Read the two scenarios below. In light of these scenarios, discuss whether the assumption that juveniles are especially amenable to rehabilitation because of their age and perceived openness to learning new ways is true.
In your opinion, should the right to rehabilitation be reserved for juvenile offenders? Provide a rationale to support your opinion. Do you think that it is more difficult to deal with individual offenders, as opposed to framing a response based on the status of a number of offenders - whether they are juveniles or adults? Why?
Peter is a 20-year-old who has just been arrested for assault as a result of a fight at a bar. It is his first criminal offense of any kind. A short time before the fight, he had been hired to drive a forklift, and he really does not want to lose this good job.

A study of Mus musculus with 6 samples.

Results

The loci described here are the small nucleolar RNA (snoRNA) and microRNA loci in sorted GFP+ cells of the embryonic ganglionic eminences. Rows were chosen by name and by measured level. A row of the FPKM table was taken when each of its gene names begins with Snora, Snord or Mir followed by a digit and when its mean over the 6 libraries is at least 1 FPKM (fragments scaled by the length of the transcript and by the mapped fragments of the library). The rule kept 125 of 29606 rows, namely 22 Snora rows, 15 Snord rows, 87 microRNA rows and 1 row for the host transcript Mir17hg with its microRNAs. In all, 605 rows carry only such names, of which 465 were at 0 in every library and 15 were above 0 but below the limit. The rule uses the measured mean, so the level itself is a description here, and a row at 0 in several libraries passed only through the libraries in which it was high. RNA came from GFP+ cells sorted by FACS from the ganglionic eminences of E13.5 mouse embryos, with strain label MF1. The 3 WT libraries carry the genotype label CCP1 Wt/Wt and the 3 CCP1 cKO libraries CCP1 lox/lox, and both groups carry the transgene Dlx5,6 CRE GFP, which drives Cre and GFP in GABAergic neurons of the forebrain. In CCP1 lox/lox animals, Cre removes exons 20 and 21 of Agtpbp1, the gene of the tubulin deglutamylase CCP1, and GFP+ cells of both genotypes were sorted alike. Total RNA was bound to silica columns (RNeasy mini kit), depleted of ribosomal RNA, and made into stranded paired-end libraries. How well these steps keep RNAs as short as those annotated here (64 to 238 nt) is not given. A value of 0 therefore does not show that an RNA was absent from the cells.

Paul is a 16-year-old who has just been arrested for assault because of his involvement in a fight at his school. It is his third violent offense, and he has already been on juvenile probation and received mandatory counseling for anger management. He is failing at school and is unlikely to graduate.
The notion that juveniles are more probable to become rehabilitated is rooted in the notion of parens patrie wherein juveniles are to receive the "best interests" treatment by those within the criminal justice field. This entails officers of the court ensuring that the best interests of the child are looked after when a criminal incident comes before the court. The best interest of any child is the attempt to rehabilitate their behavior so that in their adult lives they can become productive citizens. Therefore, it is not necessarily pertinent upon the belief that they are more open to rehabilitation, although this does serve a cause for why they do receive the leniency more so than adult offenders. The mind of a child is ...
The solution discusses juvenile offenders and rehabilitation.